If the two most conspicuous amongst these have hitherto gained notoriety rather than what is commonly understood by fame, a

* “ Je ne suis pas la rose, mais j'ai vécu avec elle.” – Constant.

discriminating posterity is already beginning to make reparation for the wrong. Boswell's “ Letters to Temple," edited by Mr. Francis, with “ Boswelliana,” printed for the Philobiblion Society by Mr. Milnes, led, in 1857, to a revisal of the harsh sentence passed on one whom the most formidable of his censors, Lord Macaulay, has declared to be not less decidedly the first of biographers, than Homer is the first of heroic poets, Shakespeare the first of dramatists, or Demosthenes the first of orators. The result was eminently favorable to Boswell, although the vulnerable points of his character were still more glaringly displayed. The appeal about to be hazarded on behalf of Mrs. Piozzi will involve little or no risk of this kind. Her ill-wishers made the most of the event which so injuriously affected her reputation at the time of its occurrence; and the marked tendency of every additional disclosure of the circumstances has been to elevate her. No candid person will read her Autobiography, or her Letters, without arriving at the conclusion that her long life was morally, if not conventionally, irreproachable ; and that her talents were sufficient to confer on her writings a value and attraction of their own, apart from what they possess as illustrations of a period or a school. When the papers out of which this volume is principally composed were laid before Lord Macaulay, he gave it as his opinion that they afforded materials for a “most interesting and durably popular volume.”

They comprise :— 1. Autobiographical Memoirs. 2. Letters, mostly addressed to the late Sir James Fellowes.

3. Fugitive pieces of her composition, most of which have never appeared in print.

4. Manuscript notes by her on Wraxall's Memoirs, and on her own published works, namely: “ Anecdotes of the late Samuel Johnson, LL.D., during the last twenty years of his life," one volume, 1786 ; “ Letters to and from the late Samuel Johnson, LL. D., &c.,” in two volumes, 1788 ; “ Observations and Reflections made in the course of a Journey through France, Italy, and Germany," in two volumes, 1789; “ Retrospection ; or, Review of the most striking and important Events, Characters, Situations, and their Consequences which the last Eighteen Hundred Years have presented to the View of Mankind,” in two volumes, quarto, 1801.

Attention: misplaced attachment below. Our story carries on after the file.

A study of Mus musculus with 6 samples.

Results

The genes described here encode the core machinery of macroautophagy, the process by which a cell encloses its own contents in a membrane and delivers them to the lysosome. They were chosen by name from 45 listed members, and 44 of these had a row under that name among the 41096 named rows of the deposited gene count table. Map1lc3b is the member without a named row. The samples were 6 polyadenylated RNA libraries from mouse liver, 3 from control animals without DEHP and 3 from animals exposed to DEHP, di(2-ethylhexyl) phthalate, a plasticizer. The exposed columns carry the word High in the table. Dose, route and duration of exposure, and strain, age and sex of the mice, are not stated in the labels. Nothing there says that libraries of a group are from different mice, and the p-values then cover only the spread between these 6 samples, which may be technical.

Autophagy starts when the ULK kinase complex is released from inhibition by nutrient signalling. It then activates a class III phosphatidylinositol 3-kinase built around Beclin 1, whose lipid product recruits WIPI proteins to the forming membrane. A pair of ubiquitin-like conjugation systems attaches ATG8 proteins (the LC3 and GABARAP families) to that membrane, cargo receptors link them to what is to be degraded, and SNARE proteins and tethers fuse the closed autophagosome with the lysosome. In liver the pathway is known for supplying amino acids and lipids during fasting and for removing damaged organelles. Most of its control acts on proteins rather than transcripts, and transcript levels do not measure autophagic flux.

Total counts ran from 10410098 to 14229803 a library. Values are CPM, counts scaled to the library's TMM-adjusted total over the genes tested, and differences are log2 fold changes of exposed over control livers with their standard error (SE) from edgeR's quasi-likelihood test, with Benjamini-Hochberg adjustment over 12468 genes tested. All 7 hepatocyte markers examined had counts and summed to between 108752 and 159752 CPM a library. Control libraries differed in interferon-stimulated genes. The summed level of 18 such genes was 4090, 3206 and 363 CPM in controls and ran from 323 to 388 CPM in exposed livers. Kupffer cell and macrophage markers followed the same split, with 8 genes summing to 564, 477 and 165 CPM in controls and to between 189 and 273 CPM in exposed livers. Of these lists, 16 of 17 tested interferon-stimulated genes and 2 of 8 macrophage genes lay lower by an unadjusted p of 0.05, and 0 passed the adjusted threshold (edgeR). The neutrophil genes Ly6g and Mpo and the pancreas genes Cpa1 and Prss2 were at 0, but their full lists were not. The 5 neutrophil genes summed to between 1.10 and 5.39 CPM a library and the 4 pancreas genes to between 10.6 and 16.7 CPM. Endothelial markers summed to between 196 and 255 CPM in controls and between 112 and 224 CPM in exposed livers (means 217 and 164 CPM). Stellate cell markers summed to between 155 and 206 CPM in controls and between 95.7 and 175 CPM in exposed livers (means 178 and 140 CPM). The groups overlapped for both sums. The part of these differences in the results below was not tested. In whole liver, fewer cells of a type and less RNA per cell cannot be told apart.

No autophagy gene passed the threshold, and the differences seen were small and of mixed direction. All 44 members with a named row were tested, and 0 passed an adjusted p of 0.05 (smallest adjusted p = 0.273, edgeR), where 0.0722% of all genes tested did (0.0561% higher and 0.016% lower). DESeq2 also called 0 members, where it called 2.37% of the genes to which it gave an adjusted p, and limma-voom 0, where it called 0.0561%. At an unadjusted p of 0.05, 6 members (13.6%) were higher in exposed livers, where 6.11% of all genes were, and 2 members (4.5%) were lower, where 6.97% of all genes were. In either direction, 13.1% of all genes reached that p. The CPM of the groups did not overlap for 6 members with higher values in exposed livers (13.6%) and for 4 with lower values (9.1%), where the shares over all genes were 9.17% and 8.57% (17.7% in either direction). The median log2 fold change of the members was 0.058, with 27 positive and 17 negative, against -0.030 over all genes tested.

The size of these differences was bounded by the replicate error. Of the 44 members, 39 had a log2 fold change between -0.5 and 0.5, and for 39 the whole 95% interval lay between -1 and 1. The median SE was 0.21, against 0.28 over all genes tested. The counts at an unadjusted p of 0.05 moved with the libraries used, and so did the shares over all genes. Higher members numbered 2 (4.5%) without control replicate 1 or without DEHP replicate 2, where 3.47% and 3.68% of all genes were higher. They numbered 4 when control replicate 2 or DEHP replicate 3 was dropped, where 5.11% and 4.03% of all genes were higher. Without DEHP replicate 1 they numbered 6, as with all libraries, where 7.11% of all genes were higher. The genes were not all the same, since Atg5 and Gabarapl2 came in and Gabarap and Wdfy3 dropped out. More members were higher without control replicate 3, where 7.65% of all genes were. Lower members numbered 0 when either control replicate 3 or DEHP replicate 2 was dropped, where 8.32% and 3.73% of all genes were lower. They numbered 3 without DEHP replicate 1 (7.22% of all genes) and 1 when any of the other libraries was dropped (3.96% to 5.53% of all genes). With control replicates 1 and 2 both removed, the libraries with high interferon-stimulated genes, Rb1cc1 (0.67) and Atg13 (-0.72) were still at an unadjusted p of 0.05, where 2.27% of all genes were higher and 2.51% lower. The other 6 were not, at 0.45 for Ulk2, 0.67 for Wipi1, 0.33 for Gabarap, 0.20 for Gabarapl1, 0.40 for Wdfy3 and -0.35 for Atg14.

The “ Autobiographical Memoirs," and the annotated books, were given by her to the late Sir James Fellowes, of Adbury House, Hants, M. D., F. R. S., to whom the letters were addressed. He and the late Sir John Piozzi Salusbury were her executors, and the present publication takes place in pursuance of an agreement with their personal representatives, the Rev. G. A. Salusbury, Rector of Westbury, Salop, and Captain J. Butler Fellowes.

Valuable additions to the original stock of materials have reached me since the announcement of the work. The Rev. Dr. Wellesley, the Principal of New Inn Hall, has kindly placed at my disposal his copy of Boswell's “Life of Johnson,” (edition of 1816), plentifully sprinkled with marginal notes by Mrs. Piozzi. The Rev. Samuel Lysons, of Hempsted Court, Gloucester, has liberally allowed me the free use of his valuable collection of books and manuscripts, including numerous letters from Mrs. Piozzi to his father and uncle, the Rev. Daniel Lysons and Mr. Samuel Lysons, the friend and correspondent of Johnson ; and I shall have many more obligations to acknowledge as I proceed.

From 1776 to 1809 Mrs. Piozzi kept a copious diary and note-book, called “Thraliana.” Johnson thus alludes to it in a letter of September 6th, 1777: “As you have little to do, I suppose you are pretty diligent at the “Thraliana;' and a very curious collection posterity will find it. Do not remit the practice of writing down occurrences as they arise, of whatever kind, and be very punctual in annexing the dates. Chronology, you know, is the eye of history. Do not omit painful casualties or unpleasing passages ; they make the variegation of existence ; and there are many passages of which I will not promise, with Æneas, et hæc olim meminisse juvabit.“ Thraliana,” which at one time she thought of burning, is now in the possession of Mr. Salusbury, who deems it of too private and delicate a character to be submitted to strangers, but has kindly supplied me with some curious passages and much valuable information extracted from it.